AUSA releases two publications
AUSA’s Institute of Land Warfare has recently released two new publications.
The first, "Capability Set Production and Fielding: Enhancing the U.S. Army’s Combat Effectiveness" (Torchbearer Issue Paper, October 2012), explores the iterative process that allows the Army to incrementally modernize over time and successfully incorporate new technologies as they mature.
The Capability Set Management construct allows the Army to modernize its information systems far more rapidly and at far better total value than ever before.
In October 2012, the Army began to equip deploying brigade combat teams (BCTs) with Capability Set (CS) 13, the Army’s first integrated package of radios, satellite systems, software applications, smartphone-like devices and other network components.
CS 13 is the first fully integrated suite of network gear fielded as part of the Army’s new Agile Capabilities Life Cycle Process (or Agile Process), a fundamental change in the way the service delivers equipment to soldiers.
This unified approach permits the Army to buy the right amounts and types of gear for the brigade combat teams (BCTs) that need them first and then modernize incrementally – instead of spending resources to develop technology that may be obsolete by the time it can reach the entire force.
Capability Set 13 is anchored by two major upgrades: allowing commanders to take the network with them in their vehicles (mission command on the move) and bringing dismounted soldiers into the network, empowering ground troops with a new level of real-time information.
The implications of the Army’s unified approach to operational testing, acquisition and deployment are clear.
Capability Set 13 will give soldiers a significant advantage over adversaries by enhancing their situational awareness, improving maneuverability, speeding decision cycles and connecting soldiers at the lowest level with one another and their higher headquarters.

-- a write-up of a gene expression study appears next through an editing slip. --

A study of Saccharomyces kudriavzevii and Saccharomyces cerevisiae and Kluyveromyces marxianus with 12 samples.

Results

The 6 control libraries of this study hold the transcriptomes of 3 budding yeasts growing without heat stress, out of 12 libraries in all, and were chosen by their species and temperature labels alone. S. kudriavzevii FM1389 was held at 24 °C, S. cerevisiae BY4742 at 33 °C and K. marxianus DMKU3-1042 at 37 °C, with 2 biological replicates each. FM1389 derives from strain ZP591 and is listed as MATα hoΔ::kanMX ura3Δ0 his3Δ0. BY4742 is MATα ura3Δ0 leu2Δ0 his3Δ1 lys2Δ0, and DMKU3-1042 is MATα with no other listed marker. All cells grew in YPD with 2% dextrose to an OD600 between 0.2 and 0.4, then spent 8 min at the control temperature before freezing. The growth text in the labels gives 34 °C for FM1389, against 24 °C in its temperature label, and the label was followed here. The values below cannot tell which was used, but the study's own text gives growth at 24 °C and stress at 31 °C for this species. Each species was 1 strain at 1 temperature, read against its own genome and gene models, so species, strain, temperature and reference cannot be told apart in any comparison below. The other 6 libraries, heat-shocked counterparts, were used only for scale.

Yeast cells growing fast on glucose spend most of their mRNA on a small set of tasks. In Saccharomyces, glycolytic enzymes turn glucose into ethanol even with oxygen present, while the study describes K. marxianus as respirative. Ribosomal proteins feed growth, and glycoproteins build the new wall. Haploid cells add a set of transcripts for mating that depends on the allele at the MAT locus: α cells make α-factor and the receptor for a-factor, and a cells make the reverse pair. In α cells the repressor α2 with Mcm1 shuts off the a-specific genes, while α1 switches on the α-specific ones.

The second publication, "Yellow Ribbon Reintegration Program: Building Communities of Readiness" (Torchbearer Issue Paper, October 2012), discusses one of the reserve component’s most successful readiness initiatives and the impact it has had on service members and families throughout all phases of military life.
The Yellow Ribbon Reintegration Program (YRRP) eases transitions for service members and families as they move between their military and civilian roles. As the premier deployment-cycle training and support program, it provides access to deployment-cycle information, resources, programs, services and referrals – helping maintain the readiness of the force and building stronger, more resilient families.
Previous operational tempo shifts demonstrated that the long-term success of readiness and reintegration programs depends on continued support from people and organizations in communities around the country.
YRRP has made significant headway in building knowledge management capabilities to allow for seamless collaboration among the program’s service providers and the military community at large.
YRRP has also built sustainability and scalability into its operations to ensure that the capability exists to immediately ramp up deployment support in the event of any future large-scale mobilization.
YRRP’s outreach efforts create and maintain partnerships with federal, state and local entities to build community-based resource networks and enhance community capacity, harnessing the character of America and channeling it where it is most needed.
Efforts to provide service members, families and communities the tools they need for successful reintegration and long-term readiness remain critical to the health and prosperity of the nation.
In fact, it will be years after the end of the current conflict before the medium- and long-term effects of accelerated deployments are fully realized.
Timely and predictable funding for service member and family total wellness will continue to be necessary into the future.